News and Press Releases

Navajo Man from Arizona Sentenced for Violating Migratory Bird Treaty Act

FOR IMMEDIATE RELEASE
January 31, 2013

ALBQUERQUE –Daniel Chee Walley, 47, a member of the Navajo Nation from Chambers, Ariz., was sentenced this afternoon for violating the Migratory Bird Treaty Act, announced U.S. Attorney Kenneth J. Gonzales and Nicholas E. Chavez, Special Agent in Charge of the Southwest Region, U.S. Fish and Wildlife Service Office of Law Enforcement.

Walley was arrested on Sept. 14, 2012, based on an indictment charging him with selling and bartering parts of a Swainson’s hawk tail on Jan. 31, 2009, in McKinley County, N.M., without obtaining permission from the Secretary of the U.S. Department of the Interior, in violation of the Migratory Bird Treaty Act. On Oct. 22, 2012, Walley pled guilty to the During this afternoon’s proceedings, Walley was sentenced to two months of home confinement followed by a year of probation. Walley also fined $150 to be paid to the North American Wetlands Conservation Fund.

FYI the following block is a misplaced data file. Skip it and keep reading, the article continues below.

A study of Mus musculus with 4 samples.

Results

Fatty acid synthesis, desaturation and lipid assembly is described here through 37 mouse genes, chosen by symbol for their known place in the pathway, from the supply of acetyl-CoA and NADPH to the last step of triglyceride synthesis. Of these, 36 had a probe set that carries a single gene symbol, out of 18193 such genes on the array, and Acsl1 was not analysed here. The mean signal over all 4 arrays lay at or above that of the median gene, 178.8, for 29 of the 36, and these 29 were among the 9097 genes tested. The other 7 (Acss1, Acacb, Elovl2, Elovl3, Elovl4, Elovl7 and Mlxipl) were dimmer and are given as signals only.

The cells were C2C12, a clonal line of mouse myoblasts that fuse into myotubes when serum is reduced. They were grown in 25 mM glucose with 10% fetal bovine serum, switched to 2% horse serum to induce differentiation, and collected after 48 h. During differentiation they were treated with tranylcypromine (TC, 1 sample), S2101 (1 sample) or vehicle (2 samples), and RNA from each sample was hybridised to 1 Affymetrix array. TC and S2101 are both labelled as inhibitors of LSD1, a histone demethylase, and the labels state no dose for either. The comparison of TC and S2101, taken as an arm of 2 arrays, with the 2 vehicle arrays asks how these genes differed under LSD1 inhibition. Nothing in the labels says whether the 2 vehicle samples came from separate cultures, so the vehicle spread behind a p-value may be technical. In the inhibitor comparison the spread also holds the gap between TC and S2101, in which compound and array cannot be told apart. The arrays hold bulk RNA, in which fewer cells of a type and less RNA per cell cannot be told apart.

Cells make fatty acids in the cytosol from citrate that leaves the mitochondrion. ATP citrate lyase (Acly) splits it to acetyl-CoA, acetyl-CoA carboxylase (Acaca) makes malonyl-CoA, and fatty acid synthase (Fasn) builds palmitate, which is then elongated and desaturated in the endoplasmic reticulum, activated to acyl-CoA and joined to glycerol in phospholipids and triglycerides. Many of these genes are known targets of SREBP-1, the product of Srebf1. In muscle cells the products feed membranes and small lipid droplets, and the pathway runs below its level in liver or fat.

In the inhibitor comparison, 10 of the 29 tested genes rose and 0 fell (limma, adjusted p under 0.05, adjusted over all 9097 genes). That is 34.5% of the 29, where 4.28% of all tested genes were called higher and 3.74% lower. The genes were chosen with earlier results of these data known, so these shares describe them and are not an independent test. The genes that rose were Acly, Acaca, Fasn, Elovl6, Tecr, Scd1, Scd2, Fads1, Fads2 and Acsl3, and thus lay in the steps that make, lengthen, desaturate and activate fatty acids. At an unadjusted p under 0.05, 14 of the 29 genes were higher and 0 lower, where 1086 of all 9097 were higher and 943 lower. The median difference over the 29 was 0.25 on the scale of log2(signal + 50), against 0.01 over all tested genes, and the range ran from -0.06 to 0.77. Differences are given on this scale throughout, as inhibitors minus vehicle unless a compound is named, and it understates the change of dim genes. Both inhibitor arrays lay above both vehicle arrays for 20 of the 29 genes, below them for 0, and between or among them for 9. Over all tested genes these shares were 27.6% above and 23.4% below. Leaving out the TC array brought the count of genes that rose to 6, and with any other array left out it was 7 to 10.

Swainson’s hawks and other migratory birds are protected under federal wildlife laws, including the Migratory Bird Treaty Act. These laws prohibit the possession, use, and sale of the feathers or other parts of federally protected birds, as well as the unauthorized killing of these birds, to help ensure that bird populations remain healthy and sustainable.

“We want people to understand that over 1000 birds are safeguarded under the Migratory Bird Treaty Act, and the Service is committed to ensuring their protection,” said Nicholas E. Chavez, the US Fish and Wildlife Services Southwest Region Special Agent in Charge.

This case was prosecuted by Special Assistant U.S. Attorney Adam S. Rowley, and was investigated by the U.S. Fish and Wildlife Service and the Navajo Department of Fish and Wildlife Conservation.

The mission of the U.S. Fish and Wildlife Service is working with others to conserve, protect, and enhance fish, wildlife, plants, and their habitats for the continuing benefit of the American people. It is both a leader and trusted partner in fish and wildlife conservation, known for its scientific excellence, stewardship of lands and natural resources, dedicated professionals, and commitment to public service. For more information on its work and the people who make it happen, visit www.fws.gov. Connect with its Facebook page at www.facebook.com/usfws, follow its tweets at www.twitter.com/usfwshq, watch its YouTube Channel at http://www.youtube.com/usfws and download photos from its Flickr page at http://www.flickr.com/photos/usfwshq.